Indian Journal of Sleep Medicine


Original Article

Assessment of Maternal Sleeping Habits and Knowledge among Pakistani Pregnant Women

Tehmina Parveen Syed, Samar Faheem, Ayesha Batool Haque

Keywords : Adverse pregnancy outcomes, Left lateral position, Maternal sleep positions, Sleep disorders, Sleeping habits, Supine position

Citation Information : Syed TP, Faheem S, Haque AB. Assessment of Maternal Sleeping Habits and Knowledge among Pakistani Pregnant Women. Indian Sleep Med 2022; 17 (3):67-71.

DOI: 10.5005/jp-journals-10069-0102

License: CC BY-NC 4.0

Published Online: 19-10-2022

Copyright Statement:  Copyright © 2022; The Author(s).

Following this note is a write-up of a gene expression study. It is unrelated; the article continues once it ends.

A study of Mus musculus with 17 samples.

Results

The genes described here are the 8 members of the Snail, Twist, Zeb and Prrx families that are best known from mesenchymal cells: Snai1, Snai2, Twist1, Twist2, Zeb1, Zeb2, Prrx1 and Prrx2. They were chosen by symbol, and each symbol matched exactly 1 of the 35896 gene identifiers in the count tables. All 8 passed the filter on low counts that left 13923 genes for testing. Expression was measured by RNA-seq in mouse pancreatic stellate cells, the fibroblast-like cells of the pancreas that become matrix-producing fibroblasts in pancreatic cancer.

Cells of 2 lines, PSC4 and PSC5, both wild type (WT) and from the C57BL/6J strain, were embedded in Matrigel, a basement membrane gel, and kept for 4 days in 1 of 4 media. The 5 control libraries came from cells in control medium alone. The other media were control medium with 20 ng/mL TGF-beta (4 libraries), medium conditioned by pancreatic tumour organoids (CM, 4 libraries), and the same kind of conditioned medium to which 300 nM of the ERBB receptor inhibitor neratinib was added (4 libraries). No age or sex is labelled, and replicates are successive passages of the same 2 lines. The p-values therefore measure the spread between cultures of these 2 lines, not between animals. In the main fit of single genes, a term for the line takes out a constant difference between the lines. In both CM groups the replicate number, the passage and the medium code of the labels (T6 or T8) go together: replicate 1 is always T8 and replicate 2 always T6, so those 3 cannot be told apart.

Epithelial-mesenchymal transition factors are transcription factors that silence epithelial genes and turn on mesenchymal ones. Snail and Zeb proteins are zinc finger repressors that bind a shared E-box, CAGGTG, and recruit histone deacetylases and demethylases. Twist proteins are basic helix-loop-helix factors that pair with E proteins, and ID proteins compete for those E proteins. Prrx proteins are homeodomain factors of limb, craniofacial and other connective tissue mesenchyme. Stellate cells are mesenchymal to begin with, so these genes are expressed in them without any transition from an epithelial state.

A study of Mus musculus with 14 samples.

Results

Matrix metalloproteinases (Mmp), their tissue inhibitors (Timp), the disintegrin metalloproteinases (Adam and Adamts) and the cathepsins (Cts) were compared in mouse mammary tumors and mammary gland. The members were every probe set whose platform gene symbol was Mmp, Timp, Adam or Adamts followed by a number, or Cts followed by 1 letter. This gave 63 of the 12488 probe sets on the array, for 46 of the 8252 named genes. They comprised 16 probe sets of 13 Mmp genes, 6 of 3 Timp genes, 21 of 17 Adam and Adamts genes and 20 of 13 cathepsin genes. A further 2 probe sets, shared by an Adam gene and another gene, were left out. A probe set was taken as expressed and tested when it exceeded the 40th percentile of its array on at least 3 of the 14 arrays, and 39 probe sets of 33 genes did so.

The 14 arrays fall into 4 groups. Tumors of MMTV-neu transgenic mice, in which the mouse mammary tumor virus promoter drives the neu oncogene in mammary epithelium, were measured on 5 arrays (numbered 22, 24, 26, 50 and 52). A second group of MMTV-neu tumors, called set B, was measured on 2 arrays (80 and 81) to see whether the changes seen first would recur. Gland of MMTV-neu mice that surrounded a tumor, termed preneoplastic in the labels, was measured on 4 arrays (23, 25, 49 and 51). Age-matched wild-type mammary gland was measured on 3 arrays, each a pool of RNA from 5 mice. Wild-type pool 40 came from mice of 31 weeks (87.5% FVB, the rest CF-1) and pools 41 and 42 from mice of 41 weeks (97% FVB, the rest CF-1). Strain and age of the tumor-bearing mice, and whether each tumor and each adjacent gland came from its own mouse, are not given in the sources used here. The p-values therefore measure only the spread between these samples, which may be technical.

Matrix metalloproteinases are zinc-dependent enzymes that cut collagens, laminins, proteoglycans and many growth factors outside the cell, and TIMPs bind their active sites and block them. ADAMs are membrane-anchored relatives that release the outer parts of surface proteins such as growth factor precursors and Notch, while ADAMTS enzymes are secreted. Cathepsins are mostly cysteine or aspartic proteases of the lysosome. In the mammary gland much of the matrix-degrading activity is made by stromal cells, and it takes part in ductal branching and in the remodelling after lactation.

Introduction: The sleeping position of pregnant women can influence the outcome of their pregnancy, leading to an increased risk of stillbirth, low birth weight, and other adverse fetal outcomes. Sleeping in the supine position is associated with negative effects, while the ideal maternal sleeping position is sleeping on the left lateral side. Pregnant women should be made aware of this so they can make an informed decision to change their sleeping habits. Aim: To assess the current knowledge possessed by Pakistani pregnant women on the effects of maternal sleeping positions, and determines their maternal sleeping habits. Materials and methods: This cross-sectional study included 300 pregnant women that were visiting the outpatient department of Gynaecology, Hamdard University, Karachi, Pakistan. They were asked to fill out a questionnaire regarding demographics, pregnancy, sleep advice, and sleep habits. The data was analyzed using IBM Statistical Package for Social Sciences (SPSS) software, version 26. Pearson's, Chi-squared, and Fisher's exact tests were used to compare gestational age with advice about sleeping positions, and parity with advice about sleeping positions, respectively. A p-value of below 0.05 was considered significant. Results: 22 (7.3%) women in our study reported sleeping in the supine position. 58.7% of women reported not receiving advice on sleep positions by anyone, and only 7.0% said they were advised by a doctor. Gestational age above and below 25 weeks was associated with receiving advice about sleeping positions (p = 0.043). Multiparity was also found to have an association with having received advice on sleeping positions (p <0.001). Conclusion: Women should be made aware of the effects of sleep positions by doctors so they can modify their sleep habits accordingly. Clinical significance: A decrease in supine sleep and an increase in left-sided sleep position, in early and late pregnancy, may contribute to a reduction in adverse pregnancy outcomes.